In 2009, a number of factors such as decreased corn prices and increased sugar prices contributed to a reduction in ethanol imports from Brazil and Caribbean Basin Initiative (CBI) countries. With more favorable economics and an increasing supply, the United States even began exporting small volumes to Brazil in late 2009 and boosted existing exports to Canada.
In 2010, the United States became a significant net exporter of ethanol, adding shipments to Europe, India, and Mexico as well as expanding existing shipments to Brazil and Canada. U.S. ethanol export growth was spurred by a relaxation of trade restrictions by partner countries. Brazil, facing domestic ethanol supply shortages as a result of lower sugarcane production and more profitable sugar prices compared to ethanol, eliminated its own 20% ad valorem import duty through at least 2011. At the same time, E90 exports to Europe may have benefited from both the U.S. blending tax credit ($0.45 per gallon of ethanol) and lower European import duties on ethanol/gasoline blends (compared to pure ethanol imports). Through the first five months of 2011, continuously growing volumes of ethanol have been exported to Brazil, Canada, Europe, Jamaica, and the United Arab Emirates. Over this period, U.S. ethanol exports more than doubled compared to the same period in 2010. For the remainder of 2011, it is likely that the United States will surpass Brazil as the world's largest ethanol exporter due to recent supply shortages and resulting high sugar prices in Brazil. U.S. ethanol has been relatively less expensive and has supplied markets that previously imported Brazilian ethanol.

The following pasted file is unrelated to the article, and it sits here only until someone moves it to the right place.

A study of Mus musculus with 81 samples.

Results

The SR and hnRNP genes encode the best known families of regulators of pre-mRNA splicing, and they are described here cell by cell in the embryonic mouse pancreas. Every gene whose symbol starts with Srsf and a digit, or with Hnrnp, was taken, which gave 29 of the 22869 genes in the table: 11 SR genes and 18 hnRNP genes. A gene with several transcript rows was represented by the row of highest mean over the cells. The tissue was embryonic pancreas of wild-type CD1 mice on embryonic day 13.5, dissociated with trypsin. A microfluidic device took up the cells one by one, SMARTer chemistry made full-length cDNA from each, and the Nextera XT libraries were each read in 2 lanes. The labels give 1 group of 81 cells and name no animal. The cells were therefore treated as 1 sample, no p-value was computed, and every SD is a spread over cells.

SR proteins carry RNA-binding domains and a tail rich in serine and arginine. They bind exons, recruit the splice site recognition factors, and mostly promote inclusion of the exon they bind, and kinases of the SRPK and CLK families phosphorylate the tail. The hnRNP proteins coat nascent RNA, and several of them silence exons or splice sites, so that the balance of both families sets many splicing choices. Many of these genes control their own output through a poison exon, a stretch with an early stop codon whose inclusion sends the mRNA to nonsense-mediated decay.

Looking forward, prospects for U.S. ethanol exports will depend in part on the ability of the U.S. transportation fuels market to absorb additional volumes of ethanol in the form of E15 and/or E85. All else equal, E15 is likely to be a more economically attractive market to domestic ethanol producers. Future developments in agricultural markets for corn and sugar will continue to impact the direction and magnitude of ethanol trade flows. Oil market developments will also be a factor, reflecting the fact that Brazil and some other important global markets allow consumers to choose between renewable and non-renewable motor fuels based on economic criteria.
Finally, Federal and State-level policies in the United States will continue to play an important role in ethanol trade. Besides policies regarding tariffs and subsidies, which directly impact trade, the details of renewable fuels policies are significant. For example, under regulations implementing California's Low Carbon Fuel Standard (LCFS), Brazilian sugarcane ethanol has a much lower carbon value than domestic corn-based ethanol, which significantly favors its use by refiners seeking to meet their obligation to reduce the carbon content of their fuels under the LCFS program. Similarly, Brazilian sugarcane ethanol, unlike domestic corn-based ethanol, qualifies as an "advanced biofuel" under the RFS program. In a setting where production of cellulosic biofuel that also counts as advanced biofuel is expected to fall well short of the level specified in the legislation establishing the RFS, the U.S. Environmental Protection Agency (EPA) specifically identified increased imports of Brazilian sugarcane ethanol as one of the most likely sources of compliance with the requirement for advanced biofuels in 2012 in its recent proposed rule for implementation of the RFS program in 2012. In this context, it is not hard to envision a scenario in which the United States continues to export corn-based ethanol to Brazil while at the same time importing sugarcane ethanol from Brazil to comply with California LCFS and Federal RFS requirements.